Migrant workers sort out fish last year at a port in Mahachai, on the outskirts of Bangkok. Nicolas Afouri/AFP
Migrant workers sort out fish last year at a port in Mahachai, on the outskirts of Bangkok. Nicolas Afouri/AFP

Cambodia standing up for migrant fishermen too late: experts

The government’s Cambodian Human Rights Committee on Tuesday sent a request to its counterpart in Thailand to help push the Thai government to implement safety measures to protect Cambodian fishermen working in Thailand in often slave-like conditions, a request advocates said yesterday should have been made years ago.

In its request, the human rights committee says it had “recently received credible information on human rights abuses toward Cambodians” who are fishing in Thailand.

It notes that the abuses included forced labour and coerced drug-use – intended to make the fishermen work longer hours – and calls for Thailand to create a mechanism to monitor migrant workers’ rights.

A chorus of human rights and labour advocates, however, were quick to question how the government had only “recently” become aware of the widely publicised abuses.

Phil Robertson, deputy Asia director of Human Rights Watch, said the systematic abuses suffered by Cambodian men and boys on Thai fishing boats have been going on for “literally decades”.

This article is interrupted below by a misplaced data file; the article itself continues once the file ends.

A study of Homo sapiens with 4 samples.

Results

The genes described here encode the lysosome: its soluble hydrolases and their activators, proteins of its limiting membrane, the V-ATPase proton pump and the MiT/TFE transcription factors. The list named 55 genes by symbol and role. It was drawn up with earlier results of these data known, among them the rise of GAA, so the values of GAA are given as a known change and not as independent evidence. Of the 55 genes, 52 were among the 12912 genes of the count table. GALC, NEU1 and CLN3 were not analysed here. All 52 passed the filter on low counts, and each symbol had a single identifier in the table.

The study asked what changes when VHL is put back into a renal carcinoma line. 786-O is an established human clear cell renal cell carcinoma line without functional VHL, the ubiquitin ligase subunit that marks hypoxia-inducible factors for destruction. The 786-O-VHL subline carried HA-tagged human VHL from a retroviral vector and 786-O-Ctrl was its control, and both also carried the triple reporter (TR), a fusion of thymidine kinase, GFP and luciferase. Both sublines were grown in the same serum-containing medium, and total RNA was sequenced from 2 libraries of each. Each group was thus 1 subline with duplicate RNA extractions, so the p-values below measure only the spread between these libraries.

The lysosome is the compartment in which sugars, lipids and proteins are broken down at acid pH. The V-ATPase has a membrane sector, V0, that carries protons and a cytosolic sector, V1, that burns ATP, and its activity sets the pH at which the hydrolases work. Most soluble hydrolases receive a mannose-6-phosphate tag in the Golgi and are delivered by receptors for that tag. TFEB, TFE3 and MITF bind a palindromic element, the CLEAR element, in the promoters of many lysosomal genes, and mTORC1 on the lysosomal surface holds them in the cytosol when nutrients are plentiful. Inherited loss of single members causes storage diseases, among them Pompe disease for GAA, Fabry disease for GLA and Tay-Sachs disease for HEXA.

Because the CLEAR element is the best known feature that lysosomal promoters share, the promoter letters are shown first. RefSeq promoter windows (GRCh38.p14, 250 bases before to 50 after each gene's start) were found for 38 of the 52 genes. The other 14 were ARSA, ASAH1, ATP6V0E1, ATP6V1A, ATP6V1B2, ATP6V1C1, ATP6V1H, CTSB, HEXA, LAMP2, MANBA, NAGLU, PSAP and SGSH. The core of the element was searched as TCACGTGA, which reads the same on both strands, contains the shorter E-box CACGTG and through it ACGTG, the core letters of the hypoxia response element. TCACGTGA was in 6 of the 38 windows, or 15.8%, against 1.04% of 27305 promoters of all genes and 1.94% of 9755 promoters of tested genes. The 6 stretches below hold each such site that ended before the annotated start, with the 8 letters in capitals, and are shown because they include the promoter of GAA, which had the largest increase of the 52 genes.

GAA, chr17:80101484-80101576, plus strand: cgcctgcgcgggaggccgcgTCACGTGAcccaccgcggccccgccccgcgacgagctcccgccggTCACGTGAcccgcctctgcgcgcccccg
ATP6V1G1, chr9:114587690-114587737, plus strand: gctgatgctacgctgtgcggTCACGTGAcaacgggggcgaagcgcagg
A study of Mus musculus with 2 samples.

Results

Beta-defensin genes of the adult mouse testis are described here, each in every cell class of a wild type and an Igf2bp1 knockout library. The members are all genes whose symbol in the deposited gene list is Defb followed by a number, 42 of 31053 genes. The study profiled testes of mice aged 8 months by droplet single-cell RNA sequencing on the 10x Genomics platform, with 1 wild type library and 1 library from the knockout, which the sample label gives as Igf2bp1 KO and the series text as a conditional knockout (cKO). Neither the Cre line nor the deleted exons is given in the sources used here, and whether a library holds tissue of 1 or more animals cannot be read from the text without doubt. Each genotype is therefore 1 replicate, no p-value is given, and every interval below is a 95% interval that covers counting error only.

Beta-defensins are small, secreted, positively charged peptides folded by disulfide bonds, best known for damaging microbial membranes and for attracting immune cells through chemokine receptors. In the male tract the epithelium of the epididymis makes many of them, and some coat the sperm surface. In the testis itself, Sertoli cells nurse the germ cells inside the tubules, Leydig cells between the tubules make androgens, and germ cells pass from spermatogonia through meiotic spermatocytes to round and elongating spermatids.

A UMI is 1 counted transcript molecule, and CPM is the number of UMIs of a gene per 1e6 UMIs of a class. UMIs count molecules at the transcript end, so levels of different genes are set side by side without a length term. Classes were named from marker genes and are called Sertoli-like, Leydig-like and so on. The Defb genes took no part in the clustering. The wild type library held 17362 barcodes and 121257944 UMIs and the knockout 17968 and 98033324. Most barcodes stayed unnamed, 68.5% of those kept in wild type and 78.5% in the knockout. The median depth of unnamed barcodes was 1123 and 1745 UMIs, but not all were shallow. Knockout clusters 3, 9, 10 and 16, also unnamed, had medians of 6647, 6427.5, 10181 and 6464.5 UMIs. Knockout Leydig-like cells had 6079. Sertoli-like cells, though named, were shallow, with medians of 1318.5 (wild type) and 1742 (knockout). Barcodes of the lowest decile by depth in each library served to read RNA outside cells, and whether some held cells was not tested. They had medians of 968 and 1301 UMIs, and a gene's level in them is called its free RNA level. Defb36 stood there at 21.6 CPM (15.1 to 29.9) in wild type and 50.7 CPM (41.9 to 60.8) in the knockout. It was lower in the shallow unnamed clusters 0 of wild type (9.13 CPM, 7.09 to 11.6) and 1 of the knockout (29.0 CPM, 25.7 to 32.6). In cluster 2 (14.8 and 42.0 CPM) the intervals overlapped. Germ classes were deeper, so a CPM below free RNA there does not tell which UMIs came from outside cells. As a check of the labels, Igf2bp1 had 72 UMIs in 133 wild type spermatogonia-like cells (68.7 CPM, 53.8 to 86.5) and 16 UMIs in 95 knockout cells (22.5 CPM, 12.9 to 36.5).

“This is yet another example of the Cambodian government’s shameful dereliction of duty to protect Cambodian migrants overseas,” he said in an email.

Andy Hall, an international affairs adviser at the Thailand-based Migrant Rights Network, likewise accused the Kingdom of being “neglectful for years”.

Moeun Tola, of the labour rights group Central, said “the call should have been made a couple of years ago”.

“But at least they are doing it now,” he allowed.

Keo Remy, president of the Cambodian Human Rights Committee, said part of the delay in submitting such a request was due to looking up the details to contact its counterpart.

“We spent time researching the address and leaders of the Thai national human rights commission because there were changes,” he said. “They changed their president.”

Remy said the committee hopes that the Thai commission will cooperate and encourage the Thai “government to do this work”.

However, Robertson said that a monitoring mechanism and a push to get undocumented migrants registered would not be enough, adding that the Cambodian government should demand the Thais allow migrant workers to unionise, which is currently prohibited.

Officials from the Thai human rights body didn’t respond to a request for comment.